1. The Uniform Enforcement of Canadian Judgments and Decrees Act is amended by this Act.
2. Section 1 is amended
(a) by replacing the definition “Canadian judgment” with the following:
“Canadian judgment” means
(a) a judgment, decree or order made in a civil proceeding by a court of a province or territory of Canada other than [enacting province or territory]
- (i) that requires a person to pay money, including an order for the payment of money that is made in the exercise of a judicial function by a tribunal of a province or territory of Canada other than [enacting province or territory] and that is enforceable as a judgment of the superior court of unlimited trial jurisdiction in that province or territory,
- (ii) under which a person is required to do or not do an act or thing, or
- (iii) that declares rights, obligations or status in relation to a person or thing,
- but does not include a judgment, decree or order that
- (iv) is for maintenance or support, including an order enforceable under the [appropriate Act in the enacting province or territory],
- (v) is for the payment of money as a penalty or fine for committing an offence,
- (vi) relates to the care, control or welfare of a minor,
- (vii) is made by a tribunal of a province or territory of Canada other than [enacting province or territory], whether or not it is enforceable as an order of the superior court of unlimited trial jurisdiction in that province or territory, to the extent that it provides for relief other than the payment of money, or
- (viii) relates to the granting of probate or letters of administration or the administration of the estate of a deceased person; or
(b) by adding the following definition:
“Canadian tax judgment” means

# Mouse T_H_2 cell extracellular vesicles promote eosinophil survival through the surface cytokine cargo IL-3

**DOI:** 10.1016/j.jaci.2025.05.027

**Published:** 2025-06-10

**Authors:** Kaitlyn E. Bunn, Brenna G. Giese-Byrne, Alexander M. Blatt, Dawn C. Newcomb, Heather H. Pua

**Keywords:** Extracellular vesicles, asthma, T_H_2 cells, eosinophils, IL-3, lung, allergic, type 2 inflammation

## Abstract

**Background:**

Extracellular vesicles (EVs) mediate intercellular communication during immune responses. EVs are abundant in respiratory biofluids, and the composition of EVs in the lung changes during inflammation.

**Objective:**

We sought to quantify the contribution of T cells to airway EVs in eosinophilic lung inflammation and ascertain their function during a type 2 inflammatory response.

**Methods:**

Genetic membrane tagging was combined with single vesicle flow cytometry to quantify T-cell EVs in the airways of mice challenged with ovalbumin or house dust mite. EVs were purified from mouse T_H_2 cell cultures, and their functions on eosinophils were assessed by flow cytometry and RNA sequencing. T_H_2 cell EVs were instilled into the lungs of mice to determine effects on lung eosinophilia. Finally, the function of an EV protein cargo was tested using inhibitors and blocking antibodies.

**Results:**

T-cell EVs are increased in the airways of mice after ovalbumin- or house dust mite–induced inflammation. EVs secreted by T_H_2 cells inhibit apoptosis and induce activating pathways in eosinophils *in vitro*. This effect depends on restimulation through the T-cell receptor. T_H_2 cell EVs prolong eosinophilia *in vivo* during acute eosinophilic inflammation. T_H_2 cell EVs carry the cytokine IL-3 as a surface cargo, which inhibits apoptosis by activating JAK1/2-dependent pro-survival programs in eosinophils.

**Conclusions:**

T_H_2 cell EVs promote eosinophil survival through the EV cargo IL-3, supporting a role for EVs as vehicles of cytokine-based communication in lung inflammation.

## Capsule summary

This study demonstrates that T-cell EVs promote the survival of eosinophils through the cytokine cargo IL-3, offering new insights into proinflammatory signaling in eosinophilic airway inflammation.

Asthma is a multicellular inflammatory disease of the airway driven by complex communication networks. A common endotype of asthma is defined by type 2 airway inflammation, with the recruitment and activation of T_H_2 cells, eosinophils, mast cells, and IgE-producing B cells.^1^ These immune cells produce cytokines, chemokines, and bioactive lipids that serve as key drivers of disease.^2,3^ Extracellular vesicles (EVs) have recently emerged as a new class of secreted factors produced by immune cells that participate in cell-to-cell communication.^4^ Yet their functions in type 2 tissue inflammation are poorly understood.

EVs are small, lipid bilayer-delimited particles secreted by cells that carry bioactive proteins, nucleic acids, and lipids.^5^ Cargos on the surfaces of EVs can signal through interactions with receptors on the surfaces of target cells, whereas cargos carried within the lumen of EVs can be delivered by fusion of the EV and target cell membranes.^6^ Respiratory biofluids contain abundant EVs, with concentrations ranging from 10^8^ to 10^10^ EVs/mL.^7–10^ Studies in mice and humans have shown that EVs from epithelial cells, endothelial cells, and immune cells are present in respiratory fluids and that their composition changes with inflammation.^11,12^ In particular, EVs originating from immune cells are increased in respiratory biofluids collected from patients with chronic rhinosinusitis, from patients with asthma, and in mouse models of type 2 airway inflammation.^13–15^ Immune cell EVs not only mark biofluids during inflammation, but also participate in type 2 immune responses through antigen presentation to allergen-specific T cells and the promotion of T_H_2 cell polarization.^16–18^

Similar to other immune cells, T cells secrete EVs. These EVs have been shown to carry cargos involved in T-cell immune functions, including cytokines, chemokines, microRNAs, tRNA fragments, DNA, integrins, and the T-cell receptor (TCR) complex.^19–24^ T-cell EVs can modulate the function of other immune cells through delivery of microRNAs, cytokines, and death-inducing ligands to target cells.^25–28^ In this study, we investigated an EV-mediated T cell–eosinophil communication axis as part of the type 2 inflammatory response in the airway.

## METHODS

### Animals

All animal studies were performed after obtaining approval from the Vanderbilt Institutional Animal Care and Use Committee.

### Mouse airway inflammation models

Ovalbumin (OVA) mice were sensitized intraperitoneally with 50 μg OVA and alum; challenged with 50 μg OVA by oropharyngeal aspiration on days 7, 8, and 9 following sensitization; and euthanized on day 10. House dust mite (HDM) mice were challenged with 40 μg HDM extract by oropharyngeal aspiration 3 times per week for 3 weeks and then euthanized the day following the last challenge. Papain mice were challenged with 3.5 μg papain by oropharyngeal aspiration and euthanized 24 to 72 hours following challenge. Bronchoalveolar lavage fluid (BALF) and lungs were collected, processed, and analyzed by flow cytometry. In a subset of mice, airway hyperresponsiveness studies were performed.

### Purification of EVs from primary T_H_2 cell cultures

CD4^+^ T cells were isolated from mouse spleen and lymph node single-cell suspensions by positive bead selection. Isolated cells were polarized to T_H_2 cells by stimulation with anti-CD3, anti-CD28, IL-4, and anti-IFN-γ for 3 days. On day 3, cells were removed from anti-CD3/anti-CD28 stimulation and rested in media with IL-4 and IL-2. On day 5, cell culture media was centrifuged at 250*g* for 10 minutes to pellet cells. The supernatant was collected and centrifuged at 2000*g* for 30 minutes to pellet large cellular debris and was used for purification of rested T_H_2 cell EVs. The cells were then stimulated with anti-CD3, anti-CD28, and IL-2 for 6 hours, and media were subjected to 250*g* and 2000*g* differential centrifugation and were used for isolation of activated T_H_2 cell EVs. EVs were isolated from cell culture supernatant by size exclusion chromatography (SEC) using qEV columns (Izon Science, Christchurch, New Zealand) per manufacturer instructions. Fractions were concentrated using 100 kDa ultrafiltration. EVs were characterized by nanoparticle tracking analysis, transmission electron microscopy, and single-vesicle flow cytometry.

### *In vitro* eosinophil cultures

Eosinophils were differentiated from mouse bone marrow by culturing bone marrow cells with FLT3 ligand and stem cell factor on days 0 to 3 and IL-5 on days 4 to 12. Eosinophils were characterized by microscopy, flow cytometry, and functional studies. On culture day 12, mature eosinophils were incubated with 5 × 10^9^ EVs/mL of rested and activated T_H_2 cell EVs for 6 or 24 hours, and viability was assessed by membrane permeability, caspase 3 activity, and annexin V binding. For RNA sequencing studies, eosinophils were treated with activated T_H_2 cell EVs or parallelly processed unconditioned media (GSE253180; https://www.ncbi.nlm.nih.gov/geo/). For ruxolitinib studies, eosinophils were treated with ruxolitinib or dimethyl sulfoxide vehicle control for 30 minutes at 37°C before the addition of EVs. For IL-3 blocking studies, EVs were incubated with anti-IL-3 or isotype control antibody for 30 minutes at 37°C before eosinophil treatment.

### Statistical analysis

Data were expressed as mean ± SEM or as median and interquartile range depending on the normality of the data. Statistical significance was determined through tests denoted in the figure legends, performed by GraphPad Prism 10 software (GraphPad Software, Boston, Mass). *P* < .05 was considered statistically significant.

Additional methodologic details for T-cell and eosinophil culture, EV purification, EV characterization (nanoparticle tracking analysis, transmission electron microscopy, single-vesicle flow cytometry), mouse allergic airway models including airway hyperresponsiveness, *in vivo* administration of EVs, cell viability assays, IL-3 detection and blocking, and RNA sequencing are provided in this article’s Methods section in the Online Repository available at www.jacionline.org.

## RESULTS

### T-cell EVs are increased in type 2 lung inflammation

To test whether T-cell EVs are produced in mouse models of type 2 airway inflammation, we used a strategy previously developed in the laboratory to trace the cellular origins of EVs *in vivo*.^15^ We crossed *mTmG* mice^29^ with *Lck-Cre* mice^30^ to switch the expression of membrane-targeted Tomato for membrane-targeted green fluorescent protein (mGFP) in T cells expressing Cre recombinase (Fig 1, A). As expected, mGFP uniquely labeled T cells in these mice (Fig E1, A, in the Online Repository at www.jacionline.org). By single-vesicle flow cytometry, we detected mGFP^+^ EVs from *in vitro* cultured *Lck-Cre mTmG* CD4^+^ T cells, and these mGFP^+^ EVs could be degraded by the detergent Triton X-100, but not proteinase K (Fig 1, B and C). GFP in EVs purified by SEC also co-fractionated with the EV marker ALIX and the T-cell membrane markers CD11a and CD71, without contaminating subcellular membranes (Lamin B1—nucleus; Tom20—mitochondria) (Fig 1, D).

(a) a judgment for the recovery of an amount of money payable under an Act imposing a tax made by a court of a province or territory of Canada other than [enacting province or territory], and
(b) a certificate of an amount payable under an Act imposing a tax that is registered in a court of a province or territory of Canada other than [enacting province or territory] and that is deemed under the law of that province or territory to be a judgment of that court; (« jugement canadien de nature fiscale »).
Comment: Section 1 is amended to specify that the expression “Canadian judgment” includes judgments under a tax law. To be considered a “tax law”, the levy must be enforceable by law, imposed under the authority of the legislature, levied by a public body and intended for a public purpose (Eurig Estate (Re),  2 S.C.R. 565, par. 15).
The amendment clarifies the scope of the Act to reflect the Supreme Court decision in Hunt v. T&N plc,  4 S.C.R. 289, which confirmed that the character of the Canadian constitutional scheme “calls for the courts in each province to give ‘full faith and credit’ to the judgments of the courts of sister provinces”. The revenue rule, which states that no country ever takes notice of the revenue laws of another, would consequently not be applicable as between courts of the Canadian provinces and territories. A further purpose is to remove an ambiguity by having the definition include a certificate of an amount payable under a tax law registered in a court of a province or territory.
Section 1 is also amended to clarify the presentation of judgments, decrees or orders included in the definition of “Canadian judgment” and those that are not.
3. Section 11 is amended by striking out “and” at the end of clause (a), adding “and” at the end of clause (b) and adding the following after clause (b):
(c) a Canadian tax judgment made before or after this Act comes into force.
Comment: Since the Uniform Act is a procedural enactment, it follows that the amendments should be given immediate application. Accordingly, the amendment to section 11 provides that the Uniform Act applies to Canadian tax judgments, whether or not they were issued before the Uniform Act came into force, even though the party concerned by the enforcement measures did not take part in the proceedings.
Coming into force
4. This Act is deemed to have come into force on [insert the date on which the Uniform Enforcement of Canadian Judgments and Decrees Act came into force in enacting province or territory].
Comment: Since the amendments to the Uniform Enforcement of Canadian Judgments and Decrees Act aim to clarify the scope of the Act, they come into force on the date on which the Uniform Act comes into force in the jurisdiction.